Could Cellphones Cause Brain Tumors?

The city of Berkeley passed a cellphone safety law, but scientists still aren't convinced of the cancer link
A person scrolling on a cellphone

Credit: Japanexperterna.se

Cellphones have become an essential part of our communications with one another, but some worry about their longterm effects. No, we’re not talking about society’s lack of face-to-face contact. Some scientists are worried our cellphone habit is giving us cancer.

The link between cellphone use and cancer is by no means definitive. Some experts are concerned that the radiation levels in cellphones put people at a greater risk for brain tumors, including deadly glioma.

In fact, the World Health Organization puts cellphone use on the same cancer-risk level as caffeine and pickled vegetables.

Does this mean you should you drop your cellphone for good? Not entirely, the American Cancer Society explains. Little research or evidence proves that cellphones cause cancer. In fact, the World Health Organization puts cellphone use on the same cancer-risk level as caffeine and pickled vegetables.

If coffee and pickled beets have the same supposed cancer risk as cellphones, then it would seem logical to continue using the products as normal. However, cities such as Berkeley are pushing for greater safety precautions until scientists have better evidence.

Berkeley recently passed a Right to Know law, which requires cellphone retailers to tell customers how much radiation cellphones emit before they buy the product.

Berkeley recently passed a Right to Know law, which requires cellphone retailers to tell customers how much radiation cellphones emit before they buy the product. Although the evidence for cancer is still up in the air, lawmakers in the city do not want to put citizens at needless risk in the event that cellphones have a greater impact on health than we once thought.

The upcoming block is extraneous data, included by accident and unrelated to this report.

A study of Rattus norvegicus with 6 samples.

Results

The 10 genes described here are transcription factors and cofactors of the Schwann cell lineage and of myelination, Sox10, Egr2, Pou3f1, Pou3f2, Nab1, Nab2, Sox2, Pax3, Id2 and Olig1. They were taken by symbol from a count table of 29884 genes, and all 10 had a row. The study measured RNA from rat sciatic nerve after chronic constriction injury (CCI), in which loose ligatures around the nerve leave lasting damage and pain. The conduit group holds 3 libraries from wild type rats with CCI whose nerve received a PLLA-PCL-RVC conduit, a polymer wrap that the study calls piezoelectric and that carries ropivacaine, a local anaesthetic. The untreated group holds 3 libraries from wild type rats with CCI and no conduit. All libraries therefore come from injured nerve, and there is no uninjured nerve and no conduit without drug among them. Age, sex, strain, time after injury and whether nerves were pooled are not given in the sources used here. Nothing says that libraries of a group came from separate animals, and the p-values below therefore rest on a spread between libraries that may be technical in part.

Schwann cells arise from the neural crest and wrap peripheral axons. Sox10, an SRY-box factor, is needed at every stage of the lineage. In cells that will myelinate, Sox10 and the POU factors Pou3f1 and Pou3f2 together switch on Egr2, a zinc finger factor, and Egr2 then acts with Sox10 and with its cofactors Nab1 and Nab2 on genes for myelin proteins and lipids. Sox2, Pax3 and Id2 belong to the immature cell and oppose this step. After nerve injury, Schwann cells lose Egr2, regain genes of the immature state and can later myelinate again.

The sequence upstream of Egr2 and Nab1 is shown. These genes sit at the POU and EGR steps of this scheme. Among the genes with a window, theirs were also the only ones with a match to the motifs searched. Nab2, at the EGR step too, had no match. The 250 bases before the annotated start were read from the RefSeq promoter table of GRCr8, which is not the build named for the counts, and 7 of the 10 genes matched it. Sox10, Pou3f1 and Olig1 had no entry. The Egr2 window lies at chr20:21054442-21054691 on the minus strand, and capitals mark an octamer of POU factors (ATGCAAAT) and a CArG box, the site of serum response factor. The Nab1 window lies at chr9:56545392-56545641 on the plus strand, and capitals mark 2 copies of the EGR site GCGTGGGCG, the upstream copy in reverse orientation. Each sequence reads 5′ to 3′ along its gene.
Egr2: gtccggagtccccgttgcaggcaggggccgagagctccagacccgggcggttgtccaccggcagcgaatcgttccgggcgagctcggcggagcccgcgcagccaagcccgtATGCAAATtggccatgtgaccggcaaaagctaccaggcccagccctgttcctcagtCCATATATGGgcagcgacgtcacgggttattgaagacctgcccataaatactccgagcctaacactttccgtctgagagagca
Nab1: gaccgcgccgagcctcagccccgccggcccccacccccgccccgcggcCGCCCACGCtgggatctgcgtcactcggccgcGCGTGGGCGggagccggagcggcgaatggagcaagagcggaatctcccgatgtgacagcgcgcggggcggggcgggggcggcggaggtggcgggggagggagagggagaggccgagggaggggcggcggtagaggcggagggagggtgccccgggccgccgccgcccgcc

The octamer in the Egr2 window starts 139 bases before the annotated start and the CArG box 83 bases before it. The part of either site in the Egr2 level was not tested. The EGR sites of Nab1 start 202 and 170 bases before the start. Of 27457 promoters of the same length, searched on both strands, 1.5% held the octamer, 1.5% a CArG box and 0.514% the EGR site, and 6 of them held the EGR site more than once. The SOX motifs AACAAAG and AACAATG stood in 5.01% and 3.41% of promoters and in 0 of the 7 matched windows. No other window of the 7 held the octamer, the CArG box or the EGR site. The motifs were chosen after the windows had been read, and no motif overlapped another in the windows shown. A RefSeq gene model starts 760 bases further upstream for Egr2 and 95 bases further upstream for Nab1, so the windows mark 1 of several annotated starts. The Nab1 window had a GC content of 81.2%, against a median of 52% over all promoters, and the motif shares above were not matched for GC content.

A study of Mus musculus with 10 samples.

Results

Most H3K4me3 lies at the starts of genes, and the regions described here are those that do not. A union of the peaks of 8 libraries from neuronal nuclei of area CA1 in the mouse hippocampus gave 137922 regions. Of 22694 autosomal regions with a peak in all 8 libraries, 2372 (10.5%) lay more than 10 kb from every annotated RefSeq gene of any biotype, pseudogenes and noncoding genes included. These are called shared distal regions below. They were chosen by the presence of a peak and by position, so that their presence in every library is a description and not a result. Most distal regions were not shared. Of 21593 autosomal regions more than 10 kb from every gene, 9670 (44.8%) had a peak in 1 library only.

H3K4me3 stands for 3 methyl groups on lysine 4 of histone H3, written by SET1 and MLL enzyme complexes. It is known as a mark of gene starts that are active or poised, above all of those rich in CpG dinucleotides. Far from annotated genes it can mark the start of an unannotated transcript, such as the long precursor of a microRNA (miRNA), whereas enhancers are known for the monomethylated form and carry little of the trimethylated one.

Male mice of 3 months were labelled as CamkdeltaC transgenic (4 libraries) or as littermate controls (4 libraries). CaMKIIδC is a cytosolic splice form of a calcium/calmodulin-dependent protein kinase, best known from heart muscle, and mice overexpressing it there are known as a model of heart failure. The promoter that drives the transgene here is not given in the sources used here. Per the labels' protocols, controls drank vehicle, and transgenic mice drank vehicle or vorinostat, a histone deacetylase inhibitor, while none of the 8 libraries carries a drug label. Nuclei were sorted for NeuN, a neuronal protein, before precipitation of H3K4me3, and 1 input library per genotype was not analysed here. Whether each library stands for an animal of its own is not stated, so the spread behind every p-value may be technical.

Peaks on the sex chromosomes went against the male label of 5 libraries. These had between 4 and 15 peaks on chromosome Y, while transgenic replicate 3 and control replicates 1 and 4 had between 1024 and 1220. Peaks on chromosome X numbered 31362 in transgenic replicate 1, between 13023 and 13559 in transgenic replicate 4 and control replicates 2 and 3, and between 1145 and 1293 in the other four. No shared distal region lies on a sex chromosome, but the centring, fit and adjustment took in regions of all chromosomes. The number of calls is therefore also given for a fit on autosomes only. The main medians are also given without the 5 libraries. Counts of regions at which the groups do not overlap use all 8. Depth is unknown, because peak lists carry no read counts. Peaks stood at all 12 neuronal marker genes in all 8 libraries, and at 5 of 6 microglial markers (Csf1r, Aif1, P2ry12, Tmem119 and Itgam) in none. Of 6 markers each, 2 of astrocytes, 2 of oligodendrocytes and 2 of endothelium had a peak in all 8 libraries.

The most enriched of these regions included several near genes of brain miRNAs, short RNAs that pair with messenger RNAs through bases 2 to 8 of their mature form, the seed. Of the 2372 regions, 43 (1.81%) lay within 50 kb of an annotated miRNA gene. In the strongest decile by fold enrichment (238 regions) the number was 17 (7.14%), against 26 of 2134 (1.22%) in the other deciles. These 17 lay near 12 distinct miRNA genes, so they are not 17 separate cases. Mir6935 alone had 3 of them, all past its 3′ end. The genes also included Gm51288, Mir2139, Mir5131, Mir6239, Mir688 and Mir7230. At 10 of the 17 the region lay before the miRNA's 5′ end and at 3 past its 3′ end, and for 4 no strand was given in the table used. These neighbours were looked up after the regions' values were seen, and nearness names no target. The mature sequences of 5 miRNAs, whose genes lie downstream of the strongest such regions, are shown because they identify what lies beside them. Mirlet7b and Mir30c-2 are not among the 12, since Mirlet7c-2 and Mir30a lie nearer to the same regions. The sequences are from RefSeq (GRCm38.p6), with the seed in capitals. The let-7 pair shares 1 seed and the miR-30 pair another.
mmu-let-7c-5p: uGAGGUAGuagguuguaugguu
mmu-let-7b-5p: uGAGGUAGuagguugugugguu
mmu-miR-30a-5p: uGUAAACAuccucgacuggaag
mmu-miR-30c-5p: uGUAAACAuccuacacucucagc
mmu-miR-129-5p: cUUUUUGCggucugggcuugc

A couple taking a selfie with a phone on the beach

Credit: Susanne Nilsson

While cellphones are on par with other relatively harmless products on the market, they have not been in the market as long as coffee, alcohol or other potentially carcinogenic products. Scientists have had much more time to study the effects of these foods on health over time, but cellphones are a far more recent invention. For this reason, some researchers urge users to take precautions.

One way to prevent prolonged exposure to radiation in cellphones is to avoid direct contact with the phone as much as possible, some researchers suggest. This includes keeping the phone out of your pocket, or using headphones to talk for long periods of time. In one study, the glioma tumor rate in participants who used cellphones only increased if the participants used their phones without a headset for more than 1,640 hours over their lifetimes.

Studies like these show some risk associated with cellphones, yet other studies have found no link between brain tumors and phone use.

These types of phones use non-ionizing radiation, which is not the same type of radiation found in X-rays or radon.

Part of the reason many scientists and doctors are not convinced on the link between cancer and phone use has to do with the radiation from the phones themselves. These types of phones use non-ionizing radiation, which is not the same type of radiation found in X-rays or radon. Ionizing radiation causes cancer by damaging DNA. The type of radiation in cellphones does not have this effect, according to current research.

For now, using cellphones isn’t likely to give you cancer, especially a rare type such as glioma. In fact, only about five people in every 10,000 get this rare form of cancer. Until we have better evidence for this link, you can likely feel safe texting your friends about that hilarious thing your cat did last night.